Having gone through the 60s and more, I had occasion to witness what I shall call for now, the rise of guruism as part of the great, cosmic transformation of spirit many of us were expecting. It was not always associated with Indian gurus, although there were a few very popular ones in the West. During the 60s and early 70s, my generation was always looking for the new but not just ordinary new or a superficial new (and there was plenty of that). It was new in the sense of being transformative like the time I saw the Led Zeppelin in 1969 at the Fillmore West in San Francisco. These guys weren't the Beach Boys. While the music was powerful and beautiful to listen to, it took off on hidden orders from something deep inside of you that always wanted the music to uplift your spirit! It was like Richard Wagner had discovered electric guitars.
Looking hard for the right guru, many of us wanted to join in the cosmic transformation. But our youth and immaturity gave us a lot of ordinary charlatans and some really not so good ones. It seemed to get worse after the Vietnam War. The transformative new seemed to be dipping back down into the superficial new, more and more, as time went on.
Buddhism, in light of all this, was pretty much the same and conservative. Even Zen was, which had only passed its torch onto a few Westerners—a torch as big as a lighted match as I look back. But what Zen lacked our imaginations filled in. My imagination did that for me to the point where I was credulous. My teacher, a Western Zen abbot was an interesting fellow who had a wife and a daughter. He was also gay. In those days, because of the stigma of being gay, many gay men married and stayed in the closet. They tried to look straight. Usually, being a Western Buddhist monk in San Francisco meant that some of the monks were gay. I didn't mind it. I figured that it had nothing to do with Zen.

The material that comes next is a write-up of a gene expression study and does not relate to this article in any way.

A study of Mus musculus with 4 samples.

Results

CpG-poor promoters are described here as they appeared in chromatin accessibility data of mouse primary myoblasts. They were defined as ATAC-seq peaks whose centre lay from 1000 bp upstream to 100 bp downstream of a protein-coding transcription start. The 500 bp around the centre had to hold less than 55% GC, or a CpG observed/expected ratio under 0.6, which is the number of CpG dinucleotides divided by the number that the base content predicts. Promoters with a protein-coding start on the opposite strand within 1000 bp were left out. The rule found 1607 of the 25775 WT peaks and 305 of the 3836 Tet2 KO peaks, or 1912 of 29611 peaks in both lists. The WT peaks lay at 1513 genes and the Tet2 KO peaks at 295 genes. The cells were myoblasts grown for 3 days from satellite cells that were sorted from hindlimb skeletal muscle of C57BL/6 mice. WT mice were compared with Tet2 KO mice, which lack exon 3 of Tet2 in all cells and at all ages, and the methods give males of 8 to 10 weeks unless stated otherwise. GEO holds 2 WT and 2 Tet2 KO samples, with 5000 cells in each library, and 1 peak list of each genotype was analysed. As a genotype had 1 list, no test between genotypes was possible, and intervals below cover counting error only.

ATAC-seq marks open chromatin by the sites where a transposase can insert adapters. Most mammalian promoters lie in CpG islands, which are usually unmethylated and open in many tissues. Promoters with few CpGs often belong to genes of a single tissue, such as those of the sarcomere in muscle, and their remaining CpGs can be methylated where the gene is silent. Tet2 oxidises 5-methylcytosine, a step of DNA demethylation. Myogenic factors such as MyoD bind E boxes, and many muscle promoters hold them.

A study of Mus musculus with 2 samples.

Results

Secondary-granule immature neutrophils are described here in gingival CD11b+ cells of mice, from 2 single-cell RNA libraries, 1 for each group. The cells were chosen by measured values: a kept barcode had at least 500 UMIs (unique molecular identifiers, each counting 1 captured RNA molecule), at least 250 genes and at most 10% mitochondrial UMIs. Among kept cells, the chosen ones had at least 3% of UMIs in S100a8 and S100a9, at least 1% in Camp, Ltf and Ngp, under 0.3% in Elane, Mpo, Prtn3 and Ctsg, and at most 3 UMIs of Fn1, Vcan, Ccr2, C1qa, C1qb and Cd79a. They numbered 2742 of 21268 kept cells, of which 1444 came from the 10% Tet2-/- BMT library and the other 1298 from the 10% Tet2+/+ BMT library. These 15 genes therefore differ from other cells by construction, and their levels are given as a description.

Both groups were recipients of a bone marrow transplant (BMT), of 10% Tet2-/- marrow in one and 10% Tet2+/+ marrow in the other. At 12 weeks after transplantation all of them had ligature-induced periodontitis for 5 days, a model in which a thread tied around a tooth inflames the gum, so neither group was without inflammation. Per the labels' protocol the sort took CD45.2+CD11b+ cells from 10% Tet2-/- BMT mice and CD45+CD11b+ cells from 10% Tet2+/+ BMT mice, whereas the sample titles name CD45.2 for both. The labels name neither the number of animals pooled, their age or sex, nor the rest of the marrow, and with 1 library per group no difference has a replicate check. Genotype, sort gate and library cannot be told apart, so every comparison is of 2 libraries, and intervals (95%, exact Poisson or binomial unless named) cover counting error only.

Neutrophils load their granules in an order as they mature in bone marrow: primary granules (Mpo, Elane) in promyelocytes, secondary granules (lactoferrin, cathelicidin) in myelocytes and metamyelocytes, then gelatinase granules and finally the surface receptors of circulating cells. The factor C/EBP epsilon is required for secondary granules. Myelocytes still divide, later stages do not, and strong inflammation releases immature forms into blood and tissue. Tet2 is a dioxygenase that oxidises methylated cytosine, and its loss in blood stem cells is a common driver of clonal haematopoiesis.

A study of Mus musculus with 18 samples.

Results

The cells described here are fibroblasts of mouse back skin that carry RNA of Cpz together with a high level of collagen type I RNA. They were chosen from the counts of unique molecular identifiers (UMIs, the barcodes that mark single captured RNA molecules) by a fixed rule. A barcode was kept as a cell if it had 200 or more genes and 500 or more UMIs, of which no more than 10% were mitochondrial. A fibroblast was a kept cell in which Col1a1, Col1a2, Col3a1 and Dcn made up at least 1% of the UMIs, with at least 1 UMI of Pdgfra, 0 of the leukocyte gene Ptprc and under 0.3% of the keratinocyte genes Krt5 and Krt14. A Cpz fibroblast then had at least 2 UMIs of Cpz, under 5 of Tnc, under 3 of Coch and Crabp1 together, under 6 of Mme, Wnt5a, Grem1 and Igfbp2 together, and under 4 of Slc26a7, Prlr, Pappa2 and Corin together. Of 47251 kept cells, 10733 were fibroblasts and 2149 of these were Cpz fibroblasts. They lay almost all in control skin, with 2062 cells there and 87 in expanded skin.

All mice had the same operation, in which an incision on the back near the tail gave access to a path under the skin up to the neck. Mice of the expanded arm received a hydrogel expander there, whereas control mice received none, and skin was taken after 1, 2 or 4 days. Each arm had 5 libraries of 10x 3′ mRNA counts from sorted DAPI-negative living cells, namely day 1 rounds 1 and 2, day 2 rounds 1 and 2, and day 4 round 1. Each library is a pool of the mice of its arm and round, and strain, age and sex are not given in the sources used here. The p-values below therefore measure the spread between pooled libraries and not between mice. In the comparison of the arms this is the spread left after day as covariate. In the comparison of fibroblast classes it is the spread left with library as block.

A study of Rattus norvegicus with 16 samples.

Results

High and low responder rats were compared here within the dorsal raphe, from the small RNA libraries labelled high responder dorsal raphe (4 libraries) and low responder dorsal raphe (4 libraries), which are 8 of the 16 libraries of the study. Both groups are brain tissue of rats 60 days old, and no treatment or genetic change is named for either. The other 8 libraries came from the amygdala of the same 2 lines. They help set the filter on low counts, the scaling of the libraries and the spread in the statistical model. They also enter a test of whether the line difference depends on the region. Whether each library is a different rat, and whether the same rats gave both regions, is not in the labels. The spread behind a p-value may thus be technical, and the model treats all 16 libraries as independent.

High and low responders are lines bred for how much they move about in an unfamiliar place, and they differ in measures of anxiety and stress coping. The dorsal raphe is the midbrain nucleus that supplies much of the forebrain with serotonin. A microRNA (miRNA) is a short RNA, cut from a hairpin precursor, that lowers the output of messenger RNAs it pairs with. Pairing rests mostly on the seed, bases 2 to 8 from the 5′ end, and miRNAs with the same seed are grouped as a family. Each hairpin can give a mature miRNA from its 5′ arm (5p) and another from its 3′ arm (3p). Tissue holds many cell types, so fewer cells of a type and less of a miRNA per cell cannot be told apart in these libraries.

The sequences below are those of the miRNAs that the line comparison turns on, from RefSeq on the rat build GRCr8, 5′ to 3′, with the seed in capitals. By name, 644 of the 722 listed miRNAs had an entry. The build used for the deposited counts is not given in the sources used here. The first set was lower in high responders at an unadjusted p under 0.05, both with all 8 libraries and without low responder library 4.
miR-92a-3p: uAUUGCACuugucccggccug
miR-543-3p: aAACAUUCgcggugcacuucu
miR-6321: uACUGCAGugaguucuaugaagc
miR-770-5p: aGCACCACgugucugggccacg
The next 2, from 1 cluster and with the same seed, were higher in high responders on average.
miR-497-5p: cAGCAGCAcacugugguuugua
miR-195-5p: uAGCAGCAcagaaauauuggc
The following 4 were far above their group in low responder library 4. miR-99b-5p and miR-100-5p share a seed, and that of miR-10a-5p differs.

Others found Indian gurus like the Lord of the Universe, Balyogeshwar Paramhans Satgurdev Shri Sant Ji Maharaji. Or sort of Indian gurus like Subramuniya and Franklin Jones, an American master. There were many more. The way I saw it, even if some of these gurus were close to being charlatans what they lacked my generation's great imagination could fill in the holes. We could find wisdom in stupidity and ignorance in wisdom all because of our imagination. I know this because I owned a commune in Oregon by a little place called Takilma. I usually hung out at the gas station (see painting upper left). I had occasion to meet some truly noble characters and some downright idiots. Still, we had a lot in common from our drugs of choice like LSD to music.
It didn't take me too long to conclude after enough human samples at Takilma that the transformation we were hoping for was closer to, how to feel enlightened without really trying. To try, that is, to earnestly seek for the truth, was not something my generation believed was necessary. Besides, it was too much of a hassle. No, instead, the transformation many of us were hoping for would come from some Jesus-like dude or Maitreya. Just seeing this guy would be all that it would take. He or she would make us feel enlightened. And if you feel enlightened ain't it the same as being enlightened?